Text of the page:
Settlement to replace all lead pipes in Flint getting mixed revi - WNEM TV 5

Settlement to replace all lead pipes in Flint getting mixed reviews


On Tuesday a federal judge in Detroit approved a plan to replace all of Flint's lead and galvanized steel pipes. That plan won't be complete for another three years.

For most living in the city, it has already been too long and the prospect of another three years is daunting.

State and city officials agreed to replace thousands of water lines in the sweeping deal. The court ruling said the city will replace 18,000 water lines by 2020 and the state will pick up the bill with state and federal money. The state will pay $87 million and keep another $10 million in reserve.

"I believe God put all the pieces in place," said pastor Alfred Harris Sr.

Hair loss and skin rashes are just a few of the concerns church goers brought to local reverends years ago. Those pastors joined forces to become a group known as Concerned Pastors for Social Action.

The group joined the ACLU and other local activists as plaintiffs in a federal suit to improve Flint's water. On Tuesday they reached a settlement.

"With that agreement, members of the community will get their galvanized and lead pipes replaced," Harris said.

A federal judge is requiring all lead pipes to be replaced within three years.

However, the judge turned down the plaintiffs' request to require home bottled water delivery. Those who cannot pick up water on their own can still call 211 for delivery.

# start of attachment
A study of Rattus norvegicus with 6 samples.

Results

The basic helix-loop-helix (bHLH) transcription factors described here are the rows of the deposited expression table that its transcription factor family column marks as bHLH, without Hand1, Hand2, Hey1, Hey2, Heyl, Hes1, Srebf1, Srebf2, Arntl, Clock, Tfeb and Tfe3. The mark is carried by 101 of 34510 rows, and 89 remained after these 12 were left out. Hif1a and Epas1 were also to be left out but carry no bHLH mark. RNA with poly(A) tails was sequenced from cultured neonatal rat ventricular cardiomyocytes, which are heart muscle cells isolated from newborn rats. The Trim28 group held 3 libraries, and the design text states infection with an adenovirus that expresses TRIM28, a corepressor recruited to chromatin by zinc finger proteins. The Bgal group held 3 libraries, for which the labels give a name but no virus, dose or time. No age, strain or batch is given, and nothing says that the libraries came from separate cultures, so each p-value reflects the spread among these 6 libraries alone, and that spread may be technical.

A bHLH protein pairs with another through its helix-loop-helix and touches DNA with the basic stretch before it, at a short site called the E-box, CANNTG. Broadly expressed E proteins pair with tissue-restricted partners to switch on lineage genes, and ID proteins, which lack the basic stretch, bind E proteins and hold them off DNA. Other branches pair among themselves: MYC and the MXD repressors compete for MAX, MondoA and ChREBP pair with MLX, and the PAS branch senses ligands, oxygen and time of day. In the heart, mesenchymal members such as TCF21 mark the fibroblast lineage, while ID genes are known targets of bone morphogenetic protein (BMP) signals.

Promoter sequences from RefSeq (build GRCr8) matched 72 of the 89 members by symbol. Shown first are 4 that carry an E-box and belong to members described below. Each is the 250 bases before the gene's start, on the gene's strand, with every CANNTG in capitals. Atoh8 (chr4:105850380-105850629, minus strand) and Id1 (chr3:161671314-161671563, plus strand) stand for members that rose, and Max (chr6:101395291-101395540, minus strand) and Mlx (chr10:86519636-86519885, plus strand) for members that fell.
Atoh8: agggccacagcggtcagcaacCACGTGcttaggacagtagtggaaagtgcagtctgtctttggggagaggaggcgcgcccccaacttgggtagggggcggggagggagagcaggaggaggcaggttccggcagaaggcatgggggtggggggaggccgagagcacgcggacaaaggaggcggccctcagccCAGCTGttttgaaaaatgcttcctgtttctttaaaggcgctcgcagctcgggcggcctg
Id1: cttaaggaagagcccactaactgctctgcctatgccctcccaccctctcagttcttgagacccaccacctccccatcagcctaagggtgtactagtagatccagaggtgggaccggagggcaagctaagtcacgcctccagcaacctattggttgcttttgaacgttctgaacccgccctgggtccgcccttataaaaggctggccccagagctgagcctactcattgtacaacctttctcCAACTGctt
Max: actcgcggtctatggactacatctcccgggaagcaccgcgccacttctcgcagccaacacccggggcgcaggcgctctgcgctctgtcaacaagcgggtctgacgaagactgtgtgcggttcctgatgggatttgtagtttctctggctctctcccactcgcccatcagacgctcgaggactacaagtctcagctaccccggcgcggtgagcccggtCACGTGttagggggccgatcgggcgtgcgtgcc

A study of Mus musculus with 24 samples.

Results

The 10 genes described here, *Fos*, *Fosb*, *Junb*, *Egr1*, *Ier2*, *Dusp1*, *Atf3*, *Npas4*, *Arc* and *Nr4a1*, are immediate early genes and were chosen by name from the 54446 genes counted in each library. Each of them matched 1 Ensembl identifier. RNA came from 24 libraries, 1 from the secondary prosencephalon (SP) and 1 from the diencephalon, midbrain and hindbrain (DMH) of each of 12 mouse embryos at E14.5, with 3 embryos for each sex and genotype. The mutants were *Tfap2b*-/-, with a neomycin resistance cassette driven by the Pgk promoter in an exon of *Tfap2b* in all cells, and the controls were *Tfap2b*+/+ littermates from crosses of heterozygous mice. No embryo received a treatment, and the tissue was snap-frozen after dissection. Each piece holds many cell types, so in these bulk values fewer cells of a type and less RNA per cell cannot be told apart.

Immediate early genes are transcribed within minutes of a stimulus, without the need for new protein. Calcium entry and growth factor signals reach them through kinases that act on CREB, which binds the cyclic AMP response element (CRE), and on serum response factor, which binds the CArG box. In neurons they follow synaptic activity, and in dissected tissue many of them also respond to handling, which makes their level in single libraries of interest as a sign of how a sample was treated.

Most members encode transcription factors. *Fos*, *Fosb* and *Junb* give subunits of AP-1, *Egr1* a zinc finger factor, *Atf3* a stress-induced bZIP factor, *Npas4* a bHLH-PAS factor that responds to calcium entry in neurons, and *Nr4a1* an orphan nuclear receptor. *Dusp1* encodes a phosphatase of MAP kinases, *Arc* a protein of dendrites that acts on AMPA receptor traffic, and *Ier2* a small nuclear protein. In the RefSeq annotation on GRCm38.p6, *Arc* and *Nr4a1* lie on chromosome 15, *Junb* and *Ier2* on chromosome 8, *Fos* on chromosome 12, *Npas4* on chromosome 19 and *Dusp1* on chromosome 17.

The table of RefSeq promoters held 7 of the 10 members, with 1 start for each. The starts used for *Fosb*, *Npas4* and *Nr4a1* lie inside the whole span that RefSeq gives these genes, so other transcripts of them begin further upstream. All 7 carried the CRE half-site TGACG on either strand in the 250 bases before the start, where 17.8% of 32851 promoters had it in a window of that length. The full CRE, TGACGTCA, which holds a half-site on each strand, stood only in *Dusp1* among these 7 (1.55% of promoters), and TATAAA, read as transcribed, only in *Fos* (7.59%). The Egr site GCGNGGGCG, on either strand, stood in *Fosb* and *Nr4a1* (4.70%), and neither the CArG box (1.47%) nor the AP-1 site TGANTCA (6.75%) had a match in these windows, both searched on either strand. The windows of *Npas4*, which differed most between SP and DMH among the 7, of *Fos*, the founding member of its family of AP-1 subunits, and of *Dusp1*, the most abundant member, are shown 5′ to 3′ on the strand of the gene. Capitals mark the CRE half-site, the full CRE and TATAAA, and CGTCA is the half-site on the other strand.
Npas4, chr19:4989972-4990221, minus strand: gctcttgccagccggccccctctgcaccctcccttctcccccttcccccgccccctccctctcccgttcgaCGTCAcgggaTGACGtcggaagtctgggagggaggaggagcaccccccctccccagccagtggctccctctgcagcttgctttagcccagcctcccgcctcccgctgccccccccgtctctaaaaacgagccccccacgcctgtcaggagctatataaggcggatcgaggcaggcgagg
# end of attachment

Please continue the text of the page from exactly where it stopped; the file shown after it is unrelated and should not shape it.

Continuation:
Harris believes the statement is a great first step, but there are other worries that need to be addressed.

"Going forward, one of our concerns is that the laborers and the employees who actually do the work. We're going to hope and want to see citizens of Flint have that opportunity and not just people from outside of Genesee County," Harris said.

On Wednesday, Flint Mayor Karen Weaver announced residents at hundreds of Flint homes will have their pipes replaced this spring. She hopes to reach 6,000 homes in 2017 as part of her FAST start pipe replacement program.

Since the start of the program 785 homes have had their pipes replaced.

Weaver said the work will be done by local contractors from Flint and Genesee County.

"That means jobs for Flint residents, which is another point that will help our city recover," Weaver said.

General Michael McDaniel is overseeing the project.

"There are 10 different zones. Those 10 zones are each 10 different homes. The contracts call for those contractors to work in those zones simultaneously," McDaniel said.

Workers will need to first gain approval from homeowners before replacing pipes.

"I need to thank the citizens, I really need to thank the citizens for their patience, their understanding and their cooperation really. The flushing they've been asked to do, even paying those water bills. I need to thank everybody cause we can't do this alone," Weaver said.

The city is hoping to average about 900 replacements per month.